Commission studies insurance proposals

Published 9:52 am Friday, November 7, 2008

The county is mulling over three health insurance proposals for county employees but said a final decision is likely two weeks away.

At its Thursday meeting, Lawrence County Commissioners met with Dave Brown, of Brown Raybourn, the company that handles the county’s coverage through Medical Mutual of Ohio.

Brown said if employees stay in the coverage tier they have now, there would be an 18.8 percent increase with Medical Mutual. If employees dropped out of tier 1 and took tier 2 the increase would only be 9.83 percent.


One factor for the increase is the amount of claims filed last year, which accounted for more than the county paid in coverage.

The third proposal is from Central States. Brown and Commission President Doug Malone said they met with Central States executives and have some concerns that need to be addressed in writing. One of the concerns is whether Central States would provide the county with its statistics on claims and the like to another insurance company if the county signed with Central States but then in years to come decided to shop around for insurance, say, to save money. Such statistics are essential when the county wants to put health insurance out for bid. Other companies would want to know what kind of claims the county has had in the past when creating its own proposal for service.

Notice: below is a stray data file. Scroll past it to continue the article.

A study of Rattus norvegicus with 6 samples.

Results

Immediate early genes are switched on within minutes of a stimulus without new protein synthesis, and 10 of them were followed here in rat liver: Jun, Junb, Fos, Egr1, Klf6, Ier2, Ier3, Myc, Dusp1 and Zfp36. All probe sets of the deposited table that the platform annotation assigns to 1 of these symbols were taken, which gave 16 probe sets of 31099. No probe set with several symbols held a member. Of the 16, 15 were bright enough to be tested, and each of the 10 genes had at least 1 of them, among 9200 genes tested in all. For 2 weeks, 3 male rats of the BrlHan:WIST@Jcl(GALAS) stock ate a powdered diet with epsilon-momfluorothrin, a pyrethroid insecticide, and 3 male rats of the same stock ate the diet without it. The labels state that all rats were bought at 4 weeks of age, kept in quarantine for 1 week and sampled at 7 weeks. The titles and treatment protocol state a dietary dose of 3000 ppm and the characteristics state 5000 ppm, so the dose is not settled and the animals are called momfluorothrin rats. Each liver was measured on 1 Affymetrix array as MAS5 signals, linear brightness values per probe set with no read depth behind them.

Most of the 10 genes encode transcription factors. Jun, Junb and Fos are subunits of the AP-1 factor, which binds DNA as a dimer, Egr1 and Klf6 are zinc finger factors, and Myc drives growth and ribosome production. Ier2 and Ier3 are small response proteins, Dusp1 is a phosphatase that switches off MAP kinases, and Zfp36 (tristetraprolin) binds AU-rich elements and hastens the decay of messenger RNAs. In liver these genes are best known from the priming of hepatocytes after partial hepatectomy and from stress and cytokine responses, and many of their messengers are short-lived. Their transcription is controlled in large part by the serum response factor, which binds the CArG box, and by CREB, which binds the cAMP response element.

“The thing is, we just can’t jump on this until we have concrete answers,” Malone said. “We’ve got to watch that we don’t get stuck. I think we’ve got to beware. You’ve all heard of bait and switch? This may be bait and keep. We may not be able to get out of it if we had to.”

Brown agreed. “Central States looks good on paper, no ifs ands or buts. But we had $4.5 million in claims last year and why would anybody want to write (a policy for) $3.2 million in premiums for $4.5 million in claims?” Commissioner Jason Stephens pointed out that both Medical Mutual and United Health Care are insurance companies and this is different from Central States, which is a health and welfare fund.

“If you go into a health and welfare fund, how stable is the fund?” Stephens asked. “It may be that this decision us not the best one two or three years down the road and how do we get out of it?”

Right now, employees may opt out. but commissioners said Central States has a rule that all employees must participate.

If they do not, the county would be assessed a 15 percent fee.

Malone said he would like to have a decision made by Nov. 20, since premiums are deducted from December payrolls for January premiums.